January 2, 2018
Recreational users of park’s loop road – walkers, joggers, and cyclists -- have outnumbered cars 3 to 1; The park’s first-ever car-free summer in 2017 proved popular with park-goers
BROOKLYN—Mayor Bill de Blasio announced today that starting today, Prospect Park’s entire loop drive would be permanently car-free for the first time since the inception of the automobile. The change was first announced in October 2017, and came as a direct response to the success of the park’s first car-free summer trial last year. The car-free hours received enormous support from the park’s recreational users, who had outnumbered cars by more than 3-1 during peak morning hours.
“Prospect Park holds a very special place in my family’s history. It’s where Chirlane and I were married – and then served as the 500-acre ‘backyard’ where we enjoyed playing so often with our kids,” said Mayor de Blasio. “Today, we are providing a great new year’s gift that recognizes the special place the park holds for so many other Brooklyn families. Now as a safe refuge that has permanently removed cars, the park can expect to see even more people enjoying walking, jogging and bicycling on its beautiful loop road.”
“We are delighted in this new year to announce that Prospect Park is now completely and permanently car-free,” said DOT Commissioner Polly Trottenberg. “Like the Mayor, I have spent countless hours enjoying the beauty of Prospect Park. Cyclists, joggers and pedestrians, young and old, will be able to rejoice year-round in a safer and quieter park.”
“For 150 years, Prospect Park has been one of New York City’s most treasured public spaces,” said NYC Parks Commissioner Mitchell J. Silver, FAICP. “Thanks to the permanent removal of traffic from the park, this masterpiece of urban greenery will now be cleaner, safer, more open, and more beautiful.”
Prior to today, Prospect Park’s East Drive had been open to traffic during weekday morning rush hour, between 7 and 9 am. The summer car-free trial proved popular with the park’s walkers, joggers, and cyclists, who during peak season, outnumber cars during morning rush hours by 1,000 to just 300. After Labor Day weekend, New York City received petitions with more than 1,100 signatures calling for the full-time car-free hours for the entire park. In October, the Mayor announced the permanent car-free change as part of Brooklyn City Hall in Your Borough.
DOT found that during the summer-car free trial, traffic on alternate routes outside of the park was only marginally affected. The agency was confident that, when combined with improvements to signal timing and turn lanes, any adverse effects of a car-free park on nearby streets could be minimized. After the park’s West Drive went car-free in June 2015, the most affected alternative southbound evening rush hour route saw an increased travel time of less than a minute, while other afternoon drivers actually saw travel times improve.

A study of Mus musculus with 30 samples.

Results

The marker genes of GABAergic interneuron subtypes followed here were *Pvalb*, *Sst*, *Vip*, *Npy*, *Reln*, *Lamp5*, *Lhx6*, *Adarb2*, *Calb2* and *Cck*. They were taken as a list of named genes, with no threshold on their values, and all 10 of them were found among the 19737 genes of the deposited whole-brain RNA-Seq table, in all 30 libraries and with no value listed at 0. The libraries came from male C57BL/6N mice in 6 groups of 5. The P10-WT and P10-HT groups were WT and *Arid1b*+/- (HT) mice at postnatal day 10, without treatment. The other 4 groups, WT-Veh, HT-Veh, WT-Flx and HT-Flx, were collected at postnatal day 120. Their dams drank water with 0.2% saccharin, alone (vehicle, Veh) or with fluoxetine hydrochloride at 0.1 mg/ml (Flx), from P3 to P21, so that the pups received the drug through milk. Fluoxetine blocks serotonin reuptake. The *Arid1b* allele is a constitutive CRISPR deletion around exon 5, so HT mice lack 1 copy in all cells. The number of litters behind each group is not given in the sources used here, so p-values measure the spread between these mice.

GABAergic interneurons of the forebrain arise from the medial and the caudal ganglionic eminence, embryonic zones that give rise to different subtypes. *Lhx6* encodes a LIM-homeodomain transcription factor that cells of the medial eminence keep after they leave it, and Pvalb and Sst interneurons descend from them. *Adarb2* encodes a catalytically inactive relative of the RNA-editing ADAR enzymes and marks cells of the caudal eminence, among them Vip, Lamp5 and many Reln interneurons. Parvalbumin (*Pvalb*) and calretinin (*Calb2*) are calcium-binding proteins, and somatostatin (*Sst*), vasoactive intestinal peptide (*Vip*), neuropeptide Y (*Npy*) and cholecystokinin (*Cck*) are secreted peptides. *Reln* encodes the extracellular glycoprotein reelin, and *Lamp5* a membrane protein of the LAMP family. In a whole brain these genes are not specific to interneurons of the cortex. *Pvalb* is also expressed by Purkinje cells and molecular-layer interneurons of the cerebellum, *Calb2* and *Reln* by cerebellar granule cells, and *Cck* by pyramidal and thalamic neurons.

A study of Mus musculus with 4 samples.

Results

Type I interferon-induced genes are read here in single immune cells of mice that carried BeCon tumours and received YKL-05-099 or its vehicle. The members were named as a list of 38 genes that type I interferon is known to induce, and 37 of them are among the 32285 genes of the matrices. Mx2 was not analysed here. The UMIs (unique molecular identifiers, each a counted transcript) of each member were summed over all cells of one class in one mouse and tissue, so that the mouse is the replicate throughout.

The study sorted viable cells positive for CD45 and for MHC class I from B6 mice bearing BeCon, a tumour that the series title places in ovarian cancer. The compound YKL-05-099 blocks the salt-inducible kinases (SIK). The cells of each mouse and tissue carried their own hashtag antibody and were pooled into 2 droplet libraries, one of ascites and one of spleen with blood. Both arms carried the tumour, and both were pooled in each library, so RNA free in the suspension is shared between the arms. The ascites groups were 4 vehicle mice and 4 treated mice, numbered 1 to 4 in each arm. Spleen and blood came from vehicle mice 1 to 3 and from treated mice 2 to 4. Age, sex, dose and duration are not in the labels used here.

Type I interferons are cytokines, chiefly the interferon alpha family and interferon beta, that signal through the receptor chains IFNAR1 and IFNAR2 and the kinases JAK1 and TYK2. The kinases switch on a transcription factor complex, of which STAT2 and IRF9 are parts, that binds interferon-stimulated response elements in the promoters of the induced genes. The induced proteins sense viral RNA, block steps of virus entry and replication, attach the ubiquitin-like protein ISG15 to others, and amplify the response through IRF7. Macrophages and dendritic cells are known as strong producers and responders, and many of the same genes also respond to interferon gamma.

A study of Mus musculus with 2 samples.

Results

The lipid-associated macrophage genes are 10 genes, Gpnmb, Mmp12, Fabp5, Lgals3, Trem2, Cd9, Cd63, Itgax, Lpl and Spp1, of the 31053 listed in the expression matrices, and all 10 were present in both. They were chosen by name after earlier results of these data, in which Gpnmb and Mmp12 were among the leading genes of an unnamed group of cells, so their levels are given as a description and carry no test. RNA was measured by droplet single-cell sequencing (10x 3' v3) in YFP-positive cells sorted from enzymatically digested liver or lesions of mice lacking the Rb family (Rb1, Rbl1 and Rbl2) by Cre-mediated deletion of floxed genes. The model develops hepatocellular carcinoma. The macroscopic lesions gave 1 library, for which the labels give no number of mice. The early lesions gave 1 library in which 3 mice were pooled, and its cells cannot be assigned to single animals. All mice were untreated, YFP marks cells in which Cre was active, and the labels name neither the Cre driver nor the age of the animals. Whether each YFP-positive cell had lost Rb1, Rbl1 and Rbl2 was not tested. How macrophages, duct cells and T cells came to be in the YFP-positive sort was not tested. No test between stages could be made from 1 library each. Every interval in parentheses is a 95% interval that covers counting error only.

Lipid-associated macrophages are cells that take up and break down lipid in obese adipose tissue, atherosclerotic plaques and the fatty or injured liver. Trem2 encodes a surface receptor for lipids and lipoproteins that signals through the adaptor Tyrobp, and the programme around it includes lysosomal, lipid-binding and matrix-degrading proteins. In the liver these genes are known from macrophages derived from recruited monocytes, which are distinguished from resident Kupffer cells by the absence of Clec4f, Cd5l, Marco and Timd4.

DOT has coordinated the transition to a car-free Prospect Park with NYC Parks and the Prospect Park Alliance. Drivers have been advised of the change by variable message boards posted at the Park Circle entrance of the park for the last three weeks. As the car-free hours take effect, DOT will closely monitor traffic to better accommodate traffic pattern changes, as well as implement additional changes if necessary.
"A new year means a new chapter for Prospect Park, a chapter that once and for all has permanently removed cars from Brooklyn's backyard,” said Brooklyn Borough President Eric Adams. “I applaud all of the incredible community members whose years of advocacy have translated into action. It is a pleasure to be part of this meaningful decision that will advance safety and serenity in this signature park."
"I am very pleased that Prospect Park will be permanently car-free,” said Assemblymember Jo Anne Simon. “A car-free Prospect Park is a safer and healthier park for all park users. I thank Mayor de Blasio and Commissioner Polly Trottenberg for ensuring that the park is a safe and enjoyable destination for park-goers."
“Parks are spaces designed for family recreation and individual leisure. The flow of vehicles in Prospect Park interrupts the peace of park visitors while increasing the level of greenhouse emissions and pedestrian crashes,” said Council Chair of the Committee on Transportation, Ydanis Rodríguez. “Having Prospect Park free of vehicles will keep the park’s visitors safer and more protected than ever before.”
"A car-free Prospect Park means millions of parkgoers can now discover the true essence of Brooklyn’s backyard - an oasis of tranquility, recreation, and culture in the midst of a natural landscape,” said Council Member Laurie A. Cumbo. “For generations, Brooklyn families have walked, cycled, and jogged throughout this cherished green space. Today marks another step towards a healthier park and future for our children, seniors, and families.”
"While it's a little harder to remember on this frigid morning, Prospect Park is a haven for walkers, joggers, cyclists, seniors, and families, our refuge in the heart of Brooklyn,” said Council Member Brad Lander. “A car-free park is a more peaceful park, a more beautiful park, and -- most important -- a safer park. Thanks to Mayor de Blasio, to Commissioner Trottenberg, to decades of advocates, and to everyone who made this day a reality."